Coronavirus has hit business hard but negligible impact on agriculture
Saturday, 07 March, 2020, 08 : 00 AM [IST]
Our Bureau, Mumbai
The deadly coronavirus Covid-19 epidemic is taking lives and has now become a global emergency. Epicentre China, especially the province of Hubei and eastern parts, are worst hit. Key industries here are coming to a grinding halt. With the weather getting warmer over the next two months, we expect the impact of the outbreak to subside in China by April 2020. That is the base case. In the worst case, the epidemic might well extend through the first quarter of fiscal 2021, intensifying the severity of impact. If not contained quickly, the epidemic will have a knock-on effect in the world economy and disrupt global supply chains. China is the world’s second-largest economy and a major trade partner for many countries, including India.

CRISIL tries to assess the extent of economic casualty of the outbreak, especially for India, as things stand. In the base case, CRISIL believes the impact for India will be a mixed bag.

The outright bad: For Indian importers, supply disruptions in key segments is the biggest threat. On the other side, exports to China are taking a hit, too. Export-import trade between India and China (including Hong Kong) was $115 billion in calendar year 2019.

Some factories in Hubei province have reopened post-Chinese New Year but these units are yet to scale up to their full potential due to labour shortage. Shipping and air transport operations to many Chinese cities remain suspended from and to India, or are operating with low frequency. That’s delaying shipments between the countries.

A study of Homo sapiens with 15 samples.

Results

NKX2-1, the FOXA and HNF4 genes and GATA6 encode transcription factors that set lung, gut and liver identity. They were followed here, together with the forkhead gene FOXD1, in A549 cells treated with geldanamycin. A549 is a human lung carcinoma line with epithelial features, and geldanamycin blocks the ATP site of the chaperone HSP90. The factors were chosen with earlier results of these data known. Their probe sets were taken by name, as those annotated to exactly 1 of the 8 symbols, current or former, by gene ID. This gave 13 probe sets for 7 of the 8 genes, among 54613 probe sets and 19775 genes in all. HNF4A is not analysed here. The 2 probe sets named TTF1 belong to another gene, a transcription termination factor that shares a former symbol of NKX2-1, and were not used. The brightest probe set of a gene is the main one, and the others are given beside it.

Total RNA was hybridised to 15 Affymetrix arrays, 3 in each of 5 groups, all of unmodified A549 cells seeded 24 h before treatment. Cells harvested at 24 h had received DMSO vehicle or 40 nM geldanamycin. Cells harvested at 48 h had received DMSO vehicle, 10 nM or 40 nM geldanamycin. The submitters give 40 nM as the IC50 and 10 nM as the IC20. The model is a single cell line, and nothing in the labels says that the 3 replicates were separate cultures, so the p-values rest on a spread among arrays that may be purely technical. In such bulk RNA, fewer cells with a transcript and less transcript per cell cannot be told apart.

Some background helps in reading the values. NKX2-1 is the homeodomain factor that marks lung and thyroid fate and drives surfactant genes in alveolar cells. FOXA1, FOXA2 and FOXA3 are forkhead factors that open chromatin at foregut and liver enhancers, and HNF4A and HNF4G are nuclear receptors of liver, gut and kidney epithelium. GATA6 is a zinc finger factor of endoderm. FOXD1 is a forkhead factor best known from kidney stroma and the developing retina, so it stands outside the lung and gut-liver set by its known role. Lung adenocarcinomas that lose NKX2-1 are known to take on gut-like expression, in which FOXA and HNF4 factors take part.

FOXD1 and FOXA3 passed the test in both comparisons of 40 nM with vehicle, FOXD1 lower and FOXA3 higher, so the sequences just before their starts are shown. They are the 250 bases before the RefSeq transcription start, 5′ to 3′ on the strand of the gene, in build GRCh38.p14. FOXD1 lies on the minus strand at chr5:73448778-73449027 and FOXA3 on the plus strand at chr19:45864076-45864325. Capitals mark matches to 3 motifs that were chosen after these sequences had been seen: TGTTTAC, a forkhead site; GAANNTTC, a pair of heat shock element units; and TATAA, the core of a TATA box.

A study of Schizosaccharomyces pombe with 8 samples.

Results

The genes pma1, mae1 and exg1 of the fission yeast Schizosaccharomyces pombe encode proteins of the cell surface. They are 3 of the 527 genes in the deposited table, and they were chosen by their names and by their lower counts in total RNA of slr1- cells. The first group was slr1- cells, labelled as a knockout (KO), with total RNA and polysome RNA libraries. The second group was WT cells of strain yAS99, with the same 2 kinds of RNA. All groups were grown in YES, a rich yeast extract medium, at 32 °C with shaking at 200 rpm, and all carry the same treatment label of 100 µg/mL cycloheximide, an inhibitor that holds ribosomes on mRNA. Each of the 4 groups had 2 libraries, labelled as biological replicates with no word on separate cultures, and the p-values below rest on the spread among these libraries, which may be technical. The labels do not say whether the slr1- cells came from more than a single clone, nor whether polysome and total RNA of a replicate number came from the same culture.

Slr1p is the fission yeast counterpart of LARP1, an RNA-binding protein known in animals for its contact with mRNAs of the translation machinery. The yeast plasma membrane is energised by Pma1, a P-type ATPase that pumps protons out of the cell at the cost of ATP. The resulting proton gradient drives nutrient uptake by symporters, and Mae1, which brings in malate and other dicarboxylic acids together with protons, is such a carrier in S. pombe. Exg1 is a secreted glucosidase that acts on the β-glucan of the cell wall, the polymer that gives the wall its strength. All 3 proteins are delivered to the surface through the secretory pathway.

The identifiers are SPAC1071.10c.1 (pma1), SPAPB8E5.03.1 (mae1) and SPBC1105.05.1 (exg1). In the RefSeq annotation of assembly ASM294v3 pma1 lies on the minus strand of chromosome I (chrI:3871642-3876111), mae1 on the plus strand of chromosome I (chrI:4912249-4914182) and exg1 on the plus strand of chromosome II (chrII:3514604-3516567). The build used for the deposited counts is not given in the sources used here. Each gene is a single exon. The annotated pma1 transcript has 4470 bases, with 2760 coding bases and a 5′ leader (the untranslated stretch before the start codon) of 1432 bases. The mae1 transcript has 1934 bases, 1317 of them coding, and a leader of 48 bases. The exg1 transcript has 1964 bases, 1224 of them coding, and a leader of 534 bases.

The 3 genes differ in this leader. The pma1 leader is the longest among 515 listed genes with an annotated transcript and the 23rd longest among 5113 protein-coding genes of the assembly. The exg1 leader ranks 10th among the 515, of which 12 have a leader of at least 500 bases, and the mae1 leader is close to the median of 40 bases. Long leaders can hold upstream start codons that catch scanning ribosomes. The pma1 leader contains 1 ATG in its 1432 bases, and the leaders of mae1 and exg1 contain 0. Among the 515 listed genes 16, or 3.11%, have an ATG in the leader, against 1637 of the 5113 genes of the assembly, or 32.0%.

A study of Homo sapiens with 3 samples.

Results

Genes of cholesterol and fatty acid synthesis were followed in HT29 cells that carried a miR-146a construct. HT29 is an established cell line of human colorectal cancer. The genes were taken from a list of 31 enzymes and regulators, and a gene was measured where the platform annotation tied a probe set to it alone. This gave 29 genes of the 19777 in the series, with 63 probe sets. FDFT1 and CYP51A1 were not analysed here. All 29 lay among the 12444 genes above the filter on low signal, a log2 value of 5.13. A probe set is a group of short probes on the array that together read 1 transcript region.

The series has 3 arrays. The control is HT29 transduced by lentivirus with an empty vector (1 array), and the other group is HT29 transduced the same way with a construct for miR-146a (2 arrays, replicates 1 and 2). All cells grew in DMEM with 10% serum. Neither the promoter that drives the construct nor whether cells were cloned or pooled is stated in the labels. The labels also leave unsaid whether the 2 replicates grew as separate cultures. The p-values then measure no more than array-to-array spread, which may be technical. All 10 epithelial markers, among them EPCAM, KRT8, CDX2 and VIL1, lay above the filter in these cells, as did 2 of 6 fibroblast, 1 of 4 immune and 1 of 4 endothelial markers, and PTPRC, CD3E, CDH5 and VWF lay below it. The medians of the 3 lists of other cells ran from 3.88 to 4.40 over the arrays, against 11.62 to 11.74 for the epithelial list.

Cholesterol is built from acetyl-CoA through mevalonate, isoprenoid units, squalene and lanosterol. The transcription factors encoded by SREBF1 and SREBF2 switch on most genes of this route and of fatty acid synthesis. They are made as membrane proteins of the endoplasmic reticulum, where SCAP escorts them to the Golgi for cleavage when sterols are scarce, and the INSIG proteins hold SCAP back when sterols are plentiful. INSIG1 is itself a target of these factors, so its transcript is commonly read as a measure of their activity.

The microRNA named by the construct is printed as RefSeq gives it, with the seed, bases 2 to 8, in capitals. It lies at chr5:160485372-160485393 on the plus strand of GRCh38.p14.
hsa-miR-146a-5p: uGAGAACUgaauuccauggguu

Consumer durables, electronics, solar panels would be most hit, as these heavily depend on imports from China, with no immediate alternatives available.

Besides, some impact on exporters of products such as cotton yarn, seafood, petrochemicals, gems and jewellery is inevitable, given that China is among the biggest markets for these products.

China, including Hong Kong, had a trade surplus of $301 billion according to latest available data (calendar 2018). It accounted for 16% of global exports.

India had a trade deficit of $159 billion as of calendar 2019. It remains a net importer from China (including Hong Kong) of $56 billion. Key commodities imported on the India-China trade lane include electronics, consumer durables, auto components and pharma bulk drugs intermediaries.

The top four regions – the Middle-East, China, the European Union (EU) and the United States (US) – consume over 60% of India’s merchandise imports as well as exports.

Over the past three years, India’s overall merchandise imports logged a compound annual growth rate (CAGR) of 12%. In comparison, merchandise imports to China grew 6%. Similarly, India’s overall merchandise exports grew 9% CAGR. In comparison, merchandise exports to China grew by 7%.

Negligible impact for agriculture
India imports 50% of its raw material (technical) pesticides requirement from China. For crop year 2019-20, most of the procurement has already taken place by November-December. In case of fertilisers, while ~10% urea is imported from China, it is produced in the Middle-East and traded by China. Therefore, we do not see a significant impact of Covid-19 and shutting down of chemical plants, in the fourth quarter of this fiscal. However, if the outbreak is not contained beyond that, imports for the next season will be impacted. In case of crops such as soybean, India depends on China by way of export of soy meal. But since a large part of the commodity has been harvested and already sold, the virus outbreak is not expected to impact farmers much. Some downward pressure on margins of soy millers might be seen in the near term, though, due to lower soy meal exports.